Red Thomas Posted:

Finn broke down some of the thought that goes into how they develop virtual reality applications and then used the work the team has done for some of the luxury auto companies as an example.  You might expect that developing a VR app for a company like that is simple.  You model the car, apply the relevant textures (which the company has probably already created), bake in some lighting, and bam.  All done.

It’s a lot more complicated than that, as Finn explained.   Getting in the car shouldn’t break your emersion, but it does.  The avatar doesn’t move as naturally as you.  The body doesn’t look like yours, if it’s even there at all.  You can’t feel the seat when you sit down in the car.  All of that and more means you don’t get that true sensation of sitting in the car.  It’s close, but off just enough to stray into the personal experience version of the uncanny valley.

Virtual showrooms for cars wasn’t nearly as simple of an idea as I’d expected. Adding in an order form was a nice touch… No one tell Chris Roberts about that, though.

That’s what impressed me about Chicken Waffle founder, Finn Staber.  I showed up to talk about games, but the more we talked about the challenges unique to developing in VR, the more I realized this article wasn’t going to be about any single virtual experience.  In the 2D world of most video games, there’s enough mental separation between the character and the player that the suspension of belief is effective.

That line is so close in VR that suspension of believe becomes oddly more difficult.  You can read up on the uncanny valley for a better understanding of the concept, but the gist is that there’s a strange dip in the chart if you graphed emersion against realism.  For the most part, it refers to the reality of virtual characters, but it’s the same general concept in VR.  You get more emersion the more realistic the assets get, right up to this point just before total realism.  At that point, it’s real enough that the not real bits come off as… well, creepy.

Developers like Finn and his team at Chicken Waffle have to find new ways of stretching emersion in virtual reality while still understanding those subtle details that break that emersion.  It’s required a whole new approach to development.  The VR experience with a car, for example, is less about putting you in the car and more about the application being a tool that helps you to explore the car.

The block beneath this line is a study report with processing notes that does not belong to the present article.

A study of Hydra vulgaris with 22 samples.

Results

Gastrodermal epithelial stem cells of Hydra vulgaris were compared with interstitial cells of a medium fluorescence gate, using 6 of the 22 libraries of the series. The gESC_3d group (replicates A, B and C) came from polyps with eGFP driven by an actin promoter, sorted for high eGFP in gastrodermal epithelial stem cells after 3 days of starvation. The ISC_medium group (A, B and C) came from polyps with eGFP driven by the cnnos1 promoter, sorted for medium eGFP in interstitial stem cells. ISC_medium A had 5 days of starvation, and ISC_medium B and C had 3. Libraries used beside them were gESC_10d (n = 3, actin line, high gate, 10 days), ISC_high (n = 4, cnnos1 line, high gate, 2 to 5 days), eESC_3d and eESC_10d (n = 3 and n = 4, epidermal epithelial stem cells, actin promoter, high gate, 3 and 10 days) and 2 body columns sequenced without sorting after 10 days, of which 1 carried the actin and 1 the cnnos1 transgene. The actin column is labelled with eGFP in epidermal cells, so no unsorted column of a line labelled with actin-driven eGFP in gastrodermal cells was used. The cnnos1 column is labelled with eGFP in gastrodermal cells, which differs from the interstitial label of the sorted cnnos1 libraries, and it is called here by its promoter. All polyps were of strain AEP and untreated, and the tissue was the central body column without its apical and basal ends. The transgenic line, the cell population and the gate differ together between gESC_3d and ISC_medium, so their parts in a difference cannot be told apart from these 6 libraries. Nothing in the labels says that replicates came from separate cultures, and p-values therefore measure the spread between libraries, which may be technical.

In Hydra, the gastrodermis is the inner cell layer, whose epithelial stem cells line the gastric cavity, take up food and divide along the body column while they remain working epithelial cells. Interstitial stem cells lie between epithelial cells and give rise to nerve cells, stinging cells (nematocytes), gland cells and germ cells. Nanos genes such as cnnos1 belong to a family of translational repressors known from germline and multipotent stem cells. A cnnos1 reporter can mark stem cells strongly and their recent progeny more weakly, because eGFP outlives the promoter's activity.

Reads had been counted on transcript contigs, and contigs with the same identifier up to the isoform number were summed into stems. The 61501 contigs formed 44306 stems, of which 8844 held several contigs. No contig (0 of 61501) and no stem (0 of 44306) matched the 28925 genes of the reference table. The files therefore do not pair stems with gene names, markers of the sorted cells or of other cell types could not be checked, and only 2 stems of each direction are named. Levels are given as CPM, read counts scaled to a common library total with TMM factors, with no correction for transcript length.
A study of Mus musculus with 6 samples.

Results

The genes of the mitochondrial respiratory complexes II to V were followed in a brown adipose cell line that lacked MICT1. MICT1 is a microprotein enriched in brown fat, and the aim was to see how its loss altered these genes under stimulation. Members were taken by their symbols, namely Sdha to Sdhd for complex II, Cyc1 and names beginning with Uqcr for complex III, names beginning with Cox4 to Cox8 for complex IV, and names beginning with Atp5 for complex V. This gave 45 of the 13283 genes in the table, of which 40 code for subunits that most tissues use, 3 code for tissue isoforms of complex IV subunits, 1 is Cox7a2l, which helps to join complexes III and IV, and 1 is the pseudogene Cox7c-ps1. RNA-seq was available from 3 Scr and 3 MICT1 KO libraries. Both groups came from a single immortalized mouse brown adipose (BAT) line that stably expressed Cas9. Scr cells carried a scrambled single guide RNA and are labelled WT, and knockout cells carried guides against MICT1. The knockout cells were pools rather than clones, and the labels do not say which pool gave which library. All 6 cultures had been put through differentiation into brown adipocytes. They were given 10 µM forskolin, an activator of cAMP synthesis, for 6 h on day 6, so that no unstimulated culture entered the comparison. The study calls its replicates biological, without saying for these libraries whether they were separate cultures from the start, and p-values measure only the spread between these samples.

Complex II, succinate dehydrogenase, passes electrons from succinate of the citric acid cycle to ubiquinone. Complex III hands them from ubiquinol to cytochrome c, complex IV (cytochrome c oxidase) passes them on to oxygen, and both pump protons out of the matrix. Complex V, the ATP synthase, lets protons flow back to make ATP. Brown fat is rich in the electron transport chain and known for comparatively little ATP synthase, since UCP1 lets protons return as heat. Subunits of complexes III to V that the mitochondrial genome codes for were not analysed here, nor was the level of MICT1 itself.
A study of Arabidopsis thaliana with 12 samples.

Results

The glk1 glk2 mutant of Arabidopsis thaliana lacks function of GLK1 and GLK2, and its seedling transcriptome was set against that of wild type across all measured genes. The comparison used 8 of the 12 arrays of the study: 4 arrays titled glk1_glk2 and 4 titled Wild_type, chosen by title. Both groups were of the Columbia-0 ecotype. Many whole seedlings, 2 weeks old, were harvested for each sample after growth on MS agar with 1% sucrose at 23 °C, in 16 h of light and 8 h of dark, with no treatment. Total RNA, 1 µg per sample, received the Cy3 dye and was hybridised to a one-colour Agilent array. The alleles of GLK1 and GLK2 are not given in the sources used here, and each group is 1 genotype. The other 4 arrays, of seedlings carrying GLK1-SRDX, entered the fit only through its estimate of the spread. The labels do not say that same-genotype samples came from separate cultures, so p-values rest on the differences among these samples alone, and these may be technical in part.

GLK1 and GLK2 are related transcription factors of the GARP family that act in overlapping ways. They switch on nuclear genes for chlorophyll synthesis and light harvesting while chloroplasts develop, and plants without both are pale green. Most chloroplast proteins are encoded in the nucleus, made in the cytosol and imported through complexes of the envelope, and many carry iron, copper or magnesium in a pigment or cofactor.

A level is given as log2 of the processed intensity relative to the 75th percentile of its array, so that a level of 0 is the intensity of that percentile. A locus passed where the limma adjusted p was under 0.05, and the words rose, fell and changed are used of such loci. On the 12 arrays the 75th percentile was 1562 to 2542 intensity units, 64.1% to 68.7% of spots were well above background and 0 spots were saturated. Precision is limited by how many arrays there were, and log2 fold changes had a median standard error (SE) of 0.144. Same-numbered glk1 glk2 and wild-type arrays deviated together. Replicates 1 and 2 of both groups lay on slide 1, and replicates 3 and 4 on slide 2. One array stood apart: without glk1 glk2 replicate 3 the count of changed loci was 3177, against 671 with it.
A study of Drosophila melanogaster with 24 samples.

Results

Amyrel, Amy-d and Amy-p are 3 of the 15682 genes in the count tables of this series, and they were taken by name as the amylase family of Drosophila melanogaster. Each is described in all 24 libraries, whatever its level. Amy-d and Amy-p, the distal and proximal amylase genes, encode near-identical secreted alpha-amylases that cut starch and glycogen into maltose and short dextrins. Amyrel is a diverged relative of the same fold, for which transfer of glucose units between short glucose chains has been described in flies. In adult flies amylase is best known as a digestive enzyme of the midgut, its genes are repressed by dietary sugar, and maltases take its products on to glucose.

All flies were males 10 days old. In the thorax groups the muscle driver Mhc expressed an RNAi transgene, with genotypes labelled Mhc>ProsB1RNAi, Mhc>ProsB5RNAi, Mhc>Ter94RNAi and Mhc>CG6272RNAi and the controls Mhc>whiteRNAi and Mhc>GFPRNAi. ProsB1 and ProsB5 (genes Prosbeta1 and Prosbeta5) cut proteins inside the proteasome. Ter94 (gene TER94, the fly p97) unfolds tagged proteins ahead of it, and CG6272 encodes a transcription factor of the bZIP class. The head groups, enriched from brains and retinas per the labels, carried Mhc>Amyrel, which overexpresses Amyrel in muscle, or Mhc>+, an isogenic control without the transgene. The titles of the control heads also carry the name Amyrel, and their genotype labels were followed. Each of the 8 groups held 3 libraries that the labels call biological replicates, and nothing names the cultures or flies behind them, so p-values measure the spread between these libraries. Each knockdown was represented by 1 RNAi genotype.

Not sure who thought letting a baby have a screwdriver was a good idea, but we’ll let it slide this time.

A game that throws the player in the roll of a baby is strangely perfect.  Lack of coordination is expected.  Blocky and oversized toys and whimsical décor is not only easier to render, it subtly makes up for the lack of fidelity in VR controllers and lower-resolution rendering.  It’s also obviously not trying to be realistic, and that allows you to accept the make believe more easily.   It promotes that suspension of believe that’s needed for every play, book, movie, and game in existence.

What Baby Hands sort of underscored for me and that I hadn’t really thought about to that point, was how far where we think are with virtual reality is from where we are in actuality.  There are few rules written for the medium yet because we just don’t know what we can and can’t do.  Graphics are getting better every day, but still haven’t gotten to the point where we can reliably create photorealistic environments on a computer, much less a VR headset.

With the added problem of dealing with a player’s corporeal form in a game, we have whole new issues for developers to wrap their heads around.  Luckily studios like Chicken Waffle are working on the problem, and they’re working with heavy names like Google, Microsoft, and IBM to push the bounds on this new story-telling medium.

Games like TheWaveVR, from another Austin studio, are ground-breaking in their use of the virtual environment for things like concerts.

Whether it’s designing virtual showrooms for automobile manufacturers, virtual tours of Amazon’s Echo, or virtual scuba expeditions for travel companies, virtual and augmented reality applications aren’t going away.  Since many of these applications need to solve the same problems video games do in order to be successful, we could be on the cusp of another burst of industry development.

Home gaming systems took off through the 80’s with the birth of consoles, personal computers launched a spurt of game development through the 90’s, and then the internet pushed another burst in the late-90’s and into the new millennium.  Before my visit to Austin, I didn’t think VR was posed to do similar, but I’m not so sure now.

The challenges are there, but where video games and commerce intersect, you can often find a lot of momentum to solve those problems.  As users become trained on how to interact with the new medium, systems become cheaper, and developers learn where the boundaries of that new version of the uncanny valley are situated, we could really see a cool new push in game development.

Since I’m a fan of flight sims and games like the Mechwarrior franchise, this could spell an impending era for games that are right up my alley.  Those games lend themselves particularly well to VR.  What other games or applications have you seen use VR or AR well?  Have you seen any that completely missed their mark?   Let me know down below!


Red Thomas

A veteran of the US Army, raging geek, and avid gamer, Red Thomas is that cool uncle all the kids in the family like to spend their summers with. Red lives in San Antonio with his wife where he runs his company and works with the city government to promote geek culture.